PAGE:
Twenty-five U.S. states contributed less money to their retirement funds in 2009 than actuaries calculated was needed to support the plans, up from 23 a year earlier, Loop Capital Markets said in a report.
Twenty states, including lowest-rated California and Illinois, failed to make adequate payments to teacher and public employee funds for any of the three years from 2007 to 2009, the Chicago-based investment bank said Friday in a summary of its annual analysis of U.S. retirement funds.
“It’s an area where it’s easy to cut, and you don’t get a lot of pushback,” Chris Mier, a Loop strategist, said in a telephone interview. “A lot of states took advantage of that.”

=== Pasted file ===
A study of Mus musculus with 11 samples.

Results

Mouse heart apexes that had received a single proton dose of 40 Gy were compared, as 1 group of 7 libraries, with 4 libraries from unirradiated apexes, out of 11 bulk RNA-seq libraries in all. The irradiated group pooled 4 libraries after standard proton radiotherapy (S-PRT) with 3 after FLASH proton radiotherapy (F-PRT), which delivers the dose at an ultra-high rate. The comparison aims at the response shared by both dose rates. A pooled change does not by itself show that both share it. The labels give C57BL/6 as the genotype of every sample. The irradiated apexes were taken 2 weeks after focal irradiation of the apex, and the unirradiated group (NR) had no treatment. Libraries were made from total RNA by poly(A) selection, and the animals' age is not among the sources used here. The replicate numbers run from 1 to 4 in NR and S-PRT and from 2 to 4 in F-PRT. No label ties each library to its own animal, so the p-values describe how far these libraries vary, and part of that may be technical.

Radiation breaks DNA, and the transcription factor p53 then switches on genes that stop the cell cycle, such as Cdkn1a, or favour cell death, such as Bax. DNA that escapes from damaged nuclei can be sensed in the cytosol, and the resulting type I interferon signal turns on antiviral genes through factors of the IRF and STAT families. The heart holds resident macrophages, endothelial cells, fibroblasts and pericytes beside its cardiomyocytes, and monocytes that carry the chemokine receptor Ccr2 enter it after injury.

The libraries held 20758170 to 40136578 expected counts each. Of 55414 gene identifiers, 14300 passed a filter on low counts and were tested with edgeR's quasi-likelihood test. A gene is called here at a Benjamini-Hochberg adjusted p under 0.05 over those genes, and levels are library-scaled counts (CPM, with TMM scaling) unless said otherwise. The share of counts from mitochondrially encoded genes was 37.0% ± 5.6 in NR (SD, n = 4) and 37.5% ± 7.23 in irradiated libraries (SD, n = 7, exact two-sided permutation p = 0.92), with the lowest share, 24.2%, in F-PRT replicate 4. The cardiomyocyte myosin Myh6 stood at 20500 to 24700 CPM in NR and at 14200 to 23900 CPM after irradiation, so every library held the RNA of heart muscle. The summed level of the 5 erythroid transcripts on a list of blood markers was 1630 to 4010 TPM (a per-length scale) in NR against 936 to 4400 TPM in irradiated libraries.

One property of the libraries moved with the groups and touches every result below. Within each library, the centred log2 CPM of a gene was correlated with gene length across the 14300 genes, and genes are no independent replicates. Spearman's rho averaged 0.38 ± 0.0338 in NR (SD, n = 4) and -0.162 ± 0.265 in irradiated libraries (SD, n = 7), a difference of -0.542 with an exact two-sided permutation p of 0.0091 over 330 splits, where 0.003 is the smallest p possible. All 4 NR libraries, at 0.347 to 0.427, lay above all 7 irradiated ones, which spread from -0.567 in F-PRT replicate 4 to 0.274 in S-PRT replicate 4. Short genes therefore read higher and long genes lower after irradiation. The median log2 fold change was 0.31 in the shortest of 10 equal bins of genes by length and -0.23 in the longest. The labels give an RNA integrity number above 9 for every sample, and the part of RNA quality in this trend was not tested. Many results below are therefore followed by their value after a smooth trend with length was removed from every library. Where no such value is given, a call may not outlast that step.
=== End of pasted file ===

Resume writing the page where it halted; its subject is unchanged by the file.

Persistent underfunding, coupled with investment losses during the fiscal year that ended June 30, 2009, left 91 of the 145 state retirement funds studied with assets worth less than the 80 percent of future benefits that actuaries say is adequate, the report said.
“As only 24 of 73 pension plans with assets over $1 billion are currently considered funded, it is clear there is a serious issue that needs to be addressed,” the report said.
Underfunding of pensions has been cited as a reason for credit downgrades in Illinois, New Jersey and other states this year. A Bloomberg analysis of state pensions found that funding levels across the 50 states ranged from 51 percent in Illinois to 107 percent in New York.
The recession left states facing a total of $110 billion in revenue shortfalls, according to the Washington-based Center on Budget and Policy Priorities.